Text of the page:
Have you ever heard someone say, “Education sure has changed since I was a kid?” or “That’s not the way we did math when I was in school?”
It’s true education has changed a great deal in the 144 years that Old North Grove School has been standing, on its original foundation since 1878. But in so many ways today’s students really aren’t that different from when I was younger or when you were.
I have been a teacher at North Elementary School in Sycamore for 22 years and while even in my own classroom curriculum has evolved, the reality is that students today still read some of the same books I did, learn to work together and play games at recess reminiscent of playgrounds throughout time.
As the current president of the North Grove School Association and a fifth grade teacher, I have to say that my favorite day each year is our annual trip to Old North Grove School to experience how education has changed and how it has stayed the same.
Students spend several days in class prior to our trip exploring the history of one-room schools and the unique history of Old North Grove School. They learn about the Swedish immigrants that settled the area and built the school, what a day was like in school along with the daily chores and cooperation that went along with learning and growing together as a community, and how this school has an historic connection to a former slave.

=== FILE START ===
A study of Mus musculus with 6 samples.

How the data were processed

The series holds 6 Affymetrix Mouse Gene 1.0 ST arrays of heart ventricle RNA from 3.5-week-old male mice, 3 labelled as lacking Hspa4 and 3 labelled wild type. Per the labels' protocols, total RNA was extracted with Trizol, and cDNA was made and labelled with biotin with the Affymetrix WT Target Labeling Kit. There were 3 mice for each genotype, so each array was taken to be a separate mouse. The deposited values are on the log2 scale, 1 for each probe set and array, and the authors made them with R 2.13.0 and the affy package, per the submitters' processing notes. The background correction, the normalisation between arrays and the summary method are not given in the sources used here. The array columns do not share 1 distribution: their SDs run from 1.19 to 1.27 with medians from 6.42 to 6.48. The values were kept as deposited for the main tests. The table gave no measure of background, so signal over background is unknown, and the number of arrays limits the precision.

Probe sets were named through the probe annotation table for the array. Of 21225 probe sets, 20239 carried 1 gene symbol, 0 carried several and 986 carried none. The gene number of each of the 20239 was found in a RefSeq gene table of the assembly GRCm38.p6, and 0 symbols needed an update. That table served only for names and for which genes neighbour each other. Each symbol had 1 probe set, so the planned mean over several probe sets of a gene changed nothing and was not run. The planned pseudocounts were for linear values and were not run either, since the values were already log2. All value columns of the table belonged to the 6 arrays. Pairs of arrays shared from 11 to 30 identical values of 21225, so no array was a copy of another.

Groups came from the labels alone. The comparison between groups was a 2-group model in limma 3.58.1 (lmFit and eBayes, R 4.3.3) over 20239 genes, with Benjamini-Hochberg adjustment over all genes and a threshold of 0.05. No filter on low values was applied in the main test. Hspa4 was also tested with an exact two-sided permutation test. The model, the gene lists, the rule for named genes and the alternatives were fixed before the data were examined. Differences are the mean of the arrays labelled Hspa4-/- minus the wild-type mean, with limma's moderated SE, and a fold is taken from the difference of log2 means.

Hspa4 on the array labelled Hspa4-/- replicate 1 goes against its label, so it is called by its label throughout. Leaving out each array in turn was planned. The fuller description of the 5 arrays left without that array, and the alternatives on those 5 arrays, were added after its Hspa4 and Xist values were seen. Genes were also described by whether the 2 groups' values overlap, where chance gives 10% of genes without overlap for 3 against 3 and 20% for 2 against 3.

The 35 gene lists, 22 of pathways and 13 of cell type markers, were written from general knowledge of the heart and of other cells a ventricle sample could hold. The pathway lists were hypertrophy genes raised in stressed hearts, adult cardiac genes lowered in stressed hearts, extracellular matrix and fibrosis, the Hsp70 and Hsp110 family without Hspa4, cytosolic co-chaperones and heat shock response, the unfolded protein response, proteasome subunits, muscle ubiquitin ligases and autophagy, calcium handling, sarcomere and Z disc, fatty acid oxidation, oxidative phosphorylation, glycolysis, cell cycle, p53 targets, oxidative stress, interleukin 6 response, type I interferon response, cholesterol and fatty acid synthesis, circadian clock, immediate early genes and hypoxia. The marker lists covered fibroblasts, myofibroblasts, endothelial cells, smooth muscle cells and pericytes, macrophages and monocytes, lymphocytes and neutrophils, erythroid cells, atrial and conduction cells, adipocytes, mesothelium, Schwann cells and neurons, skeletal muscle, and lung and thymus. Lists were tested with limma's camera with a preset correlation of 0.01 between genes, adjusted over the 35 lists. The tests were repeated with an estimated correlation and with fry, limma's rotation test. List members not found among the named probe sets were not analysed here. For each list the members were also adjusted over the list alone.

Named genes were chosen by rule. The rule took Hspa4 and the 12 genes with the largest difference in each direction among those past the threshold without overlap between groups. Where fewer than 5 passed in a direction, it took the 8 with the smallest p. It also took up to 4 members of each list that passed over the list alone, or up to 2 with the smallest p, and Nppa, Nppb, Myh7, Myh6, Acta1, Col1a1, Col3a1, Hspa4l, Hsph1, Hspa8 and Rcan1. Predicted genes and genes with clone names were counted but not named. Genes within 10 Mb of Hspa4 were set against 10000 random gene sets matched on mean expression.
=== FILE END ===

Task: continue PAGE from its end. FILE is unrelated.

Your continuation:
On the day of the field trip students are asked to wear appropriate clothing, girls must wear skirts and boys wear long pants and collared shirts. They get creative in packing a lunch reminiscent of the era as well; many use wax paper with string, try their hand at making bread for a sandwich, or picking an apple from their own tree because on this day, no Lunchables or pre-packaged chips are allowed!
We walk the 1.1 miles to the schoolhouse from our own school and spend the day learning math, reading, geography and handwriting in the old ways as well as have a spelling bee. One of the most memorable times of the day is, of course, recess and the old-fashioned games such as “The Game of Graces,” “Hide the Thimble,” or “Rachel and Jacob.”
So, are kids the same today as they used to be? I say Yes! Because on this day I have the privilege of seeing them cooperate, laugh and run, soak up new ideas, take away memories that will last a lifetime and hopefully guide them in the right direction and show them compassion for others.
If you are interested in learning more about Old North Grove School, I encourage you to visit www.northgroveschool.org. We invite field trips and groups to tour and utilize this unique learning environment.